Long gone are the days of equipment and service selling itself. Dealers today have to work much harder to attract customers and get the sale. Mark and Patty Williams of Mark Williams Outdoor Power Equipment in Murphysboro, IL, decided that with a tough economy paired with an increasingly competitive and saturated marketplace, it was time they thought of new and innovative ways to operate. As their website states, “Through economic necessity comes innovation.”
They have continued to implement new and innovative programs to draw and retain customers, motivate staff and grow their sales. These assorted programs have made doing business with Mark Williams Outdoor Power Equipment a no-brainer and returned them to the forefront as a retailer.
Getting back what they lost
As the economy took a turn, Mark and Patty saw customers and manufacturers alike looking for inexpensive alternatives. While others were looking for ways to spend less, they were challenged with the task of drawing customers back to their dealership. Mark and Patty did this with less help from their manufacturers than they could typically count on in previous years.
“A lot of our manufacturers cut back on our co-op dollars,” says Patty. “When it happened, we had to figure out how we would recover that marketing budget.”
That was when they created the Shop & Share Program. The referral program designed to build goodwill and their customer base. It is simple to administer, rewarding local organizations with up to 6% of sales referrals.
“Our success is dependent on the support of our local community, much in the same way local organizations are dependent on the community,” says Patty.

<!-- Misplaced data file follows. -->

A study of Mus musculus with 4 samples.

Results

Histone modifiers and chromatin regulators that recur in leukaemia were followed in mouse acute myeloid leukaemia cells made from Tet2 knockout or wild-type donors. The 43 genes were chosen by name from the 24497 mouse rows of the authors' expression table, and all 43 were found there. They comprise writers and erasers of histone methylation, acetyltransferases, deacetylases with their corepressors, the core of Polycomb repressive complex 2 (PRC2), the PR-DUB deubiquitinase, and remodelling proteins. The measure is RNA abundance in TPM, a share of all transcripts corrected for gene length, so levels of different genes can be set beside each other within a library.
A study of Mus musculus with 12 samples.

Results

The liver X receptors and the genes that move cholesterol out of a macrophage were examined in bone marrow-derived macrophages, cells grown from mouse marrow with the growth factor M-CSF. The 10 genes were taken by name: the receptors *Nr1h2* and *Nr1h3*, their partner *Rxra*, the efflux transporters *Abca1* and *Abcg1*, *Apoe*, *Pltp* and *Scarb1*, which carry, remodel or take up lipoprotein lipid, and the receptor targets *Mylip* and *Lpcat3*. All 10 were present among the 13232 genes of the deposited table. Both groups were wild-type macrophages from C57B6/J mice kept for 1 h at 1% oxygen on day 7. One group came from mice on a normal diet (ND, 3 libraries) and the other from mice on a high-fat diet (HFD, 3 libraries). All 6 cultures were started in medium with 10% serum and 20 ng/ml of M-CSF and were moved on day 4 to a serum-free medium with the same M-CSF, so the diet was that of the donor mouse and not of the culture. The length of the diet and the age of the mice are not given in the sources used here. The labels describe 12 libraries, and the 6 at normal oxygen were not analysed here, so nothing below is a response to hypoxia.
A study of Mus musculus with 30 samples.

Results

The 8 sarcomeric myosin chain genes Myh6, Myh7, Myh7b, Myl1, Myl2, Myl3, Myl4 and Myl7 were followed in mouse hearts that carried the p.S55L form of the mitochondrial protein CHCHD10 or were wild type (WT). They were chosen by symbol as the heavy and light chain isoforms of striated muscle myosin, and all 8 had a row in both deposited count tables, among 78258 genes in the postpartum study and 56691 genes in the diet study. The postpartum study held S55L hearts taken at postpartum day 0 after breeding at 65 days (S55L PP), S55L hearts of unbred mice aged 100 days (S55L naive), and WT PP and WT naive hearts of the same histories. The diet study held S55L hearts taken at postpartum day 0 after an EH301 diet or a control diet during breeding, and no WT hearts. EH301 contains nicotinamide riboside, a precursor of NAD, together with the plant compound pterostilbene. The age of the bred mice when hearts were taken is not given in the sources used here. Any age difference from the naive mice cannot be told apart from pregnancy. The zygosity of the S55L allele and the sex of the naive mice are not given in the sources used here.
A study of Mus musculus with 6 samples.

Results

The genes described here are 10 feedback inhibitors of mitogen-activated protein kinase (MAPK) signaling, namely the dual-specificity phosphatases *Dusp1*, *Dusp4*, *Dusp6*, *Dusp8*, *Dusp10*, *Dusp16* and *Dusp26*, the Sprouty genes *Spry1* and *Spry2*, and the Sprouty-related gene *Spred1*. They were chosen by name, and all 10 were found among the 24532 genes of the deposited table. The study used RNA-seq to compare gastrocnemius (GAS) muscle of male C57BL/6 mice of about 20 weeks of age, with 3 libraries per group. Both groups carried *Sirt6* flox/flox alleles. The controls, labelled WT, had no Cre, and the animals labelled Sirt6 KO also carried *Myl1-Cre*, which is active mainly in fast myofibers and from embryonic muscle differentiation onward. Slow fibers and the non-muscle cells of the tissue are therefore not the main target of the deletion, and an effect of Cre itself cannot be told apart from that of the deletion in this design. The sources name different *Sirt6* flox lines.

Local not-for-profit groups are invited to participate in the Shop & Share Program. The dealership provides printed promotional materials for the organizations to distribute how they like. The materials (wallet cards, banners, T-shirts, flyers, etc.) promote that 6% of each sale referred by the organization goes right back to them.
“They are our ambassadors, in a sense, and only get out of it what they put in,” explains Patty. “It has worked out really well. We benefit a lot because we get to meet people from organizations within the community. It’s kind of a grassroots effort on our part and each year it grows.”
In addition to losing some co-op dollars from manufacturers, Mark and Patty also saw a dip in their parts sales to commercial customers. The commercial customers started looking to online retailers for the lowest parts price they could score, regardless of the quality in manufacturing. Mark and Patty had to find a way to compete with the low-overhead, price-competitive retailers.
“We noticed a decrease in common, over-the-counter maintenance parts sales,” says Patty. “We knew that our landscapers were purchasing these parts, but not from us. Our solution was to develop a landscaper purchasing program that would give us the opportunity to sell more parts.”
Landscapers were invited to join the new Parts Co-op Program. There is no annual membership fee. Members are simply required to purchase a maintenance kit at the discounted co-op price for their specific mower. The kit includes filters, blades, spark plugs and belts. All of the parts used in the co-op are quality OEM parts.
“We were competing with the internet and wanted to keep those sales and tax dollars in our local economy,” says Patty. “Our manufacturers got aggressive that year as well, and the planets aligned just right. We were able to buy at a discounted price and passed that onto our landscapers.”
Patty says the co-op program has saved their landscape customers over $8,000 since 2010, and has brought a lot of that parts business back to the dealership. In the first year, they saw a 15% increase in parts sales. The second year, sales fell flat. Patty says she will gladly take flat parts sales over the alternative, which is handing those sales back over to internet retailers.